Angelos calls for a ban on ephedrine

Compiled from Times wires
© St. Petersburg Times
published February 21, 2003

FORT LAUDERDALE -- Orioles owner Peter Angelos called on Major League Baseball to ban ephedrine, a stimulant that may have contributed to the death of pitcher Steve Bechler.

Bechler, an Orioles pitching prospect, died Monday, a day after he was unable to complete a workout. Xenadrine, which contains ephedrine, was found in his locker.

"Unfortunately, we're all human and don't move until something very grim and very tragic like this occurs," Angelos said Wednesday. "Hopefully, if anything positive can come from this tragedy, it will be that we'll get the kind of movement we need in these circumstances."

Angelos was a member of management's labor negotiating committee last summer. Under the new contract, players will be tested for the first time, but only for drugs of abuse, such as cocaine, and certain types of banned steroids.

"Our side insisted that these so-called legal supplements (such as ephedrine) be included in the ban," Angelos said. "Unfortunately, the union rejected our position."

Gene Orza, the union's No. 2 official, said Angelos' assertion was incorrect.

"They did request androstenedione (be banned)," Orza said Thursday, "but not ephedra. Ephedra did not fall into the general category of anabolic steroids."

Orza also said that since ephedra is legal, the union likely would have opposed a ban had it been proposed.

A repentant Canseco talks

MIAMI -- Jose Canseco, in his first interview since being jailed this week, said the pending custody battle for his 6-year-old daughter was his reason for breaking probation.

Speaking to ESPN Radio from Miami-Dade County Jail, the six-time All-Star said his first few days in jail have been uneventful but embarrassing after his probation violation and sentencing Tuesday.

The arrest stemmed from a probation officer's report that he was not taking his sentence seriously and had failed to begin anger control classes and community service, and that he had left Florida for longer than 30 days, all violations.

"I was aware (of the terms of the probation), but I got caught up with a lot of things in L.A. with the child-custody issue with my daughter and that just consumed me completely," Canseco said. "It's just ironic where I'm trying to spend time with my daughter . . . and I end up in jail for 30 days which keeps me away from my daughter."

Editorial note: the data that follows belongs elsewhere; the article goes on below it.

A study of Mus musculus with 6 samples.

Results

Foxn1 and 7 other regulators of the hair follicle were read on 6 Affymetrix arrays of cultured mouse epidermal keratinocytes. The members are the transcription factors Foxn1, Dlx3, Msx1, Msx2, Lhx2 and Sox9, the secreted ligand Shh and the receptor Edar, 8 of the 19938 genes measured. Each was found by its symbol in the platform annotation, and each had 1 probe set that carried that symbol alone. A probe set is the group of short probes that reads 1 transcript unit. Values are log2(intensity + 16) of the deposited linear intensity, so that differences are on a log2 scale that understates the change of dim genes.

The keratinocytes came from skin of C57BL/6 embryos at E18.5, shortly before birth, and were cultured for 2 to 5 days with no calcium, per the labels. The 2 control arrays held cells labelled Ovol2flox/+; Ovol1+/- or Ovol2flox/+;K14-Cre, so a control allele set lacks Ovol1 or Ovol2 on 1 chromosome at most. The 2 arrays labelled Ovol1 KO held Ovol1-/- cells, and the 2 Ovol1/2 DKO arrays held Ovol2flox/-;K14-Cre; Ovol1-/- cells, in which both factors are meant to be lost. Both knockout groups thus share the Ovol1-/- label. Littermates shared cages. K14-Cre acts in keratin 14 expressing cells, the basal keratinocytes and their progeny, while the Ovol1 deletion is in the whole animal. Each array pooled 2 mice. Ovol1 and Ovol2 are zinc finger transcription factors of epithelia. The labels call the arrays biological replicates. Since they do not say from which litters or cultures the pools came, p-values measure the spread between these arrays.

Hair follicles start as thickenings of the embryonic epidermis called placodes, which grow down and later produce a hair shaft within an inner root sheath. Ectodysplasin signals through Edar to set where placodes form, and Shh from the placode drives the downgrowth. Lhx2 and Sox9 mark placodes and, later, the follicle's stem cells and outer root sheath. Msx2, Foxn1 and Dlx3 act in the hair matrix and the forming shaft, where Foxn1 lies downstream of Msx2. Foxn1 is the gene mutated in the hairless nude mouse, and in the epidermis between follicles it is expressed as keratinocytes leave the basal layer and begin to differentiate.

Canseco, the former Rays player, could remain in jail until a March 17 sentencing hearing for violating terms of his probation for a 2001 fight at a Miami Beach nightclub.

Hall of Famer Gibson sued

OMAHA, Neb. -- Bob Gibson is being sued by a man who contends the Hall of Fame pitcher punched and kicked him last year. In the lawsuit filed Feb. 13 in Sarpy County District Court, Miguel B. Sanchez seeks $4,711 for lost wages, bloodied clothes and medical bills. He also seeks unspecified damages for pain and suffering.

No charges were filed after the fight last February. Sarpy County Attorney Lee Polikov said both men claimed self-defense.

Sanchez said he passed Gibson after Gibson had pulled his vehicle in front of him. He said Gibson followed him to a gas station and punched him twice without provocation, then kicked him in the legs and groin.

Gibson's attorney, David Herzog, said the man's version of events was not consistent with the facts.

ROSE UPDATE: Pete Rose can just about forget participating in the ceremonies that open the Reds' new ballpark on March 31.

Commissioner Bud Selig doesn't plan to consider Rose's application for reinstatement before opening day, the Associated Press reported.

Rose met with Selig in November and Rose's agent met with Bob DuPuy, baseball's No. 2 official, the next month. Rose's application for reinstatement seemed to be gaining momentum before a report that a $151,689 lien was placed on his Los Angeles-area home by the IRS, which says Rose owes taxes.

Officials also were disturbed by reports that he was seen in a Las Vegas casino and sports book, and are investigating Rose's current activities.

Cincinnati Mayor Charlie Luken had written to Selig in November, urging that Rose be reinstated by the first game in the new stadium, named the Great American Ball Park.

Rose's manager, Warren Greene, declined comment and Selig didn't return telephone calls seeking comment.

BREWERS: Pitchers Luis Martinez and Ben Diggins agreed to one-year contracts, but terms weren't given.

DODGERS: Left-hander Derek Thompson will miss the season because of a torn ligament in his throwing elbow that requires reconstructive surgery.

METS: Free-agent first baseman Tony Clark signed a minor-league contract.

PIRATES: First basemen Randall Simon and Walter Young didn't practice after irregularities were detected in their electrocardiograms. They'll be retested today.

RANGERS: Pitcher Brian Shouse, a nonroster player, was flown to Texas for further tests after his electrocardiogram showed an abnormality.

Left-hander Doug Davis, vying for a spot in the starting rotation, agreed to terms on a one-year, $427,500 contract.

RED SOX: Outfielder Kevin Millar signed a two-year $5.3-million contract with a team option for 2005.